South African Official's Luxe Lifestyle Raises Doubts

Julius Malema i i

hide captionJulius Malema, president of the African National Congress Youth League, responds to media reports regarding his business interests and lavish lifestyle during a Feb. 22 news conference in Johannesburg. He has denied accusations that he has profited from business ties to companies that have benefited from government contracts.


Julius Malema, president of the African National Congress Youth League, responds to media reports regarding his business interests and lavish lifestyle during a Feb. 22 news conference in Johannesburg. He has denied accusations that he has profited from business ties to companies that have benefited from government contracts.

Foto24/Gallo Images/Getty Images

In South Africa, the lifestyles and business relationships of Cabinet ministers and prominent politicians of the ruling African National Congress Party are coming under intense scrutiny.

Calls are growing for "lifestyle audits" of public officials to assess their income and spending to help root out corruption.

At a recent, raucous news conference, ANC Youth League spokesman Floyd Shivambu sparred with journalists investigating the group's president, Julius Malema, on conflict of interest charges, conflicting statements about his business interests and his apparently luxuriant lifestyle.

The dozen or so journalists at the news conference have been working on stories about how Malema could afford what has been widely described as his "lavish lifestyle" on his ANC salary, reportedly some $2,500 a month.

Malema, 29, denies any wrongdoing.

Piet Rampedi, an investigative reporter with City Press, is one of the journalists digging into Malema's business ties.

He notes that Malema owns luxurious cars and two houses — one in an exclusive Johannesburg suburb — worth approximately $500,000 and $150,000.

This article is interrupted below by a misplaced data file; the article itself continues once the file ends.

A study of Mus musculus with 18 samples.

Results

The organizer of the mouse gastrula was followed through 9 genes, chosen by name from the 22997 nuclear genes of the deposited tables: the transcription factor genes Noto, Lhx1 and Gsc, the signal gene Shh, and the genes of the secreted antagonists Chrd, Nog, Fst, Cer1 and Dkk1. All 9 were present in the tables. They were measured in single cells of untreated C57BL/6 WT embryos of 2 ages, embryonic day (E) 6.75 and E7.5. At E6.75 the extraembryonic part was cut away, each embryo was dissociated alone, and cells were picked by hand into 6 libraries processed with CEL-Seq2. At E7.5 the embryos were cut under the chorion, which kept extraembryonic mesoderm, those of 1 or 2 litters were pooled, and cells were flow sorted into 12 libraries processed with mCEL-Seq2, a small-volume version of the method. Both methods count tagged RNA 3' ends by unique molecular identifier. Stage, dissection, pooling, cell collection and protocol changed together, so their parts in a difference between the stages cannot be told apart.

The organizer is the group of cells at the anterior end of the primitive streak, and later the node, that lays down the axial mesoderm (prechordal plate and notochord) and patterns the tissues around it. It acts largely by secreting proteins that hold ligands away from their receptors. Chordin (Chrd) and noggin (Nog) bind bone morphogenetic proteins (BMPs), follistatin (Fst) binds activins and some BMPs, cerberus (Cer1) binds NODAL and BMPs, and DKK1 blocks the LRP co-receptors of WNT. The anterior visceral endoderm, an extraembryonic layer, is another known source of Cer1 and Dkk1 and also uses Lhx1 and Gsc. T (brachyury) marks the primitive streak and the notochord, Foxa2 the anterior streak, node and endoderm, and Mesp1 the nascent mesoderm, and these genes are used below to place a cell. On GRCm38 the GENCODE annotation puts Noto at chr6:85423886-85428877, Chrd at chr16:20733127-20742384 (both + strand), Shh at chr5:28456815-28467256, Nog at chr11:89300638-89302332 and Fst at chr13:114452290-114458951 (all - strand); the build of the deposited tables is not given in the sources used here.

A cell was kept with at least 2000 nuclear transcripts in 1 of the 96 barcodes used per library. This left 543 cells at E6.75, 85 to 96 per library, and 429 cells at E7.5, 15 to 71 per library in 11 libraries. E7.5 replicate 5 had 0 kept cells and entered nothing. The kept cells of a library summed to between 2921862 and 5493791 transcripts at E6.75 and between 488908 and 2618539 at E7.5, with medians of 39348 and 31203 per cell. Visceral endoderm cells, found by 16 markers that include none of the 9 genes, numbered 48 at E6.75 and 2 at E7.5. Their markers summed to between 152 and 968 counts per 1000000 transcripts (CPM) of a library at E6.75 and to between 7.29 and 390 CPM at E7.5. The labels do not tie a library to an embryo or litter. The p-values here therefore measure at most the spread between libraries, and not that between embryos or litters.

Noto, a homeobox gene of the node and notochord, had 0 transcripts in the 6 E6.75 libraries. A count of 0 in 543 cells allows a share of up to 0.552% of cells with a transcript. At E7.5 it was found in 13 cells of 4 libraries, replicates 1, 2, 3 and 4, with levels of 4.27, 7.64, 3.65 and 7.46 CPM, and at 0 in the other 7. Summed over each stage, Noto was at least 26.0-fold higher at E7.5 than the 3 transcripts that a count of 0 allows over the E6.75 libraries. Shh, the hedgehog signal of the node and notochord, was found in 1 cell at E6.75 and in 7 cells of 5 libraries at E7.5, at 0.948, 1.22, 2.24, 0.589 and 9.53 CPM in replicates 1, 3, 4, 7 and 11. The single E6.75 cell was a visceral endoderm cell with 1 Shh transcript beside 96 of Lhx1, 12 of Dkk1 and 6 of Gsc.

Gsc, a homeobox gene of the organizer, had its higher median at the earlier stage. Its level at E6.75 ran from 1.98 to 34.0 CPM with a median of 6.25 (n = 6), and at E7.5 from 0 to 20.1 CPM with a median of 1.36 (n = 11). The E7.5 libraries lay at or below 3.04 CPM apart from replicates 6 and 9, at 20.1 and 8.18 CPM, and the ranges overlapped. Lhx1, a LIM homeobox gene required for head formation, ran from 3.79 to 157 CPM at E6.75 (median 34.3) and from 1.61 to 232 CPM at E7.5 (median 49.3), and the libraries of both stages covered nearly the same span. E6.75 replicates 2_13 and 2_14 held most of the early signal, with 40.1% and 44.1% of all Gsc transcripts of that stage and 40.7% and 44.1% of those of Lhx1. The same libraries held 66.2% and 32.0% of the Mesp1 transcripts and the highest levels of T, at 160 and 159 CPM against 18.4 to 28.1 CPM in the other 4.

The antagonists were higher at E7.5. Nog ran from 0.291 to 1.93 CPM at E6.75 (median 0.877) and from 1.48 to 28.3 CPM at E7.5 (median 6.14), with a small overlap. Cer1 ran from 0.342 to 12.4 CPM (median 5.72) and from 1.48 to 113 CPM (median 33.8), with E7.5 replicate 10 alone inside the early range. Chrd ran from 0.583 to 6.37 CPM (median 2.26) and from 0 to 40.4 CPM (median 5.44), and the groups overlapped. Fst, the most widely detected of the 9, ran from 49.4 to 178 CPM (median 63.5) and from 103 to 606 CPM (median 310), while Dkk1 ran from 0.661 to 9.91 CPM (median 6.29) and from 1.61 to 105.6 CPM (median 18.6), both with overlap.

"He has bought all these properties since 2007. And according to official records, those houses were not bonded; they were bought for cash. Common sense would tell you there is no way he would have earned enough to buy those houses," Rampedi says.

Rampedi has been pursuing the Malema story for months. He and other journalists have recently reported Malema's ongoing ties to several companies that benefited through government contracts in Limpopo province worth millions of dollars.

Malema says he told his attorneys to break these business ties once he became president of the ANC Youth League in 2008. But they are still listed in public documents the journalists obtained.

"There was always this big question from almost everybody: Where does this guy get all the money to sustain his luxurious lifestyle?" Rampedi says.

"He has always denied having business links, he has always denied having any business interests, and he has always denied having any interest in any company," he says.

The media, opposition parties and some civil society organizations believe Malema is among some ruling ANC party politicians who have used their political power to enrich themselves and their friends, and ensure that their political allies are rewarded with lucrative business contracts or tenders, while closing the door on others.

During a radio interview as combative as the news conference, host Redi Direko asked Malema about reports that he had used his influence to make money.

"These are all lies. These are just fabrications," Malema responded.

Although so far he has refused to do so, Malema said he could account for the sources of all his money.

"There's nothing I got from this government," he told Direko.

"I've got nothing to do with stealing from the poor. There's nothing wrong I've done," he continued, when Direko brought up the issue of government tenders.

While not naming Malema specifically, the African National Congress' alliance partner, the powerful Congress of South African Trade Unions, has been among the strongest voices calling for lifestyle audits.

Zwelinzima Vavi, secretary general of the Congress of South African Trade Unions, says the offenders are a small minority. Vavi refuses to identify those he suspects of being awarded lucrative contracts. Vavi calls them "tenderpreneurs."

"People are just sick and tired of the stories that have been written in the newspapers of the tenderpreneurs, of the back-stabbers and crass materialists who want to hijack the ANC and make it an instrument and a vehicle to take forward their narrow interest," Vavi says.

But South African President Jacob Zuma, who has faced corruption allegations, has come out against lifestyle audits. And during intense parliamentary debate on the issue, Deputy President Kgalema Motlanthe told parliament that there was no need to go beyond the selective lifestyle audits done by the South African Revenue Service.

But the debate is likely to intensify. A recent report said more than 2,000 government officials were benefiting from government tenders worth more than $26 million.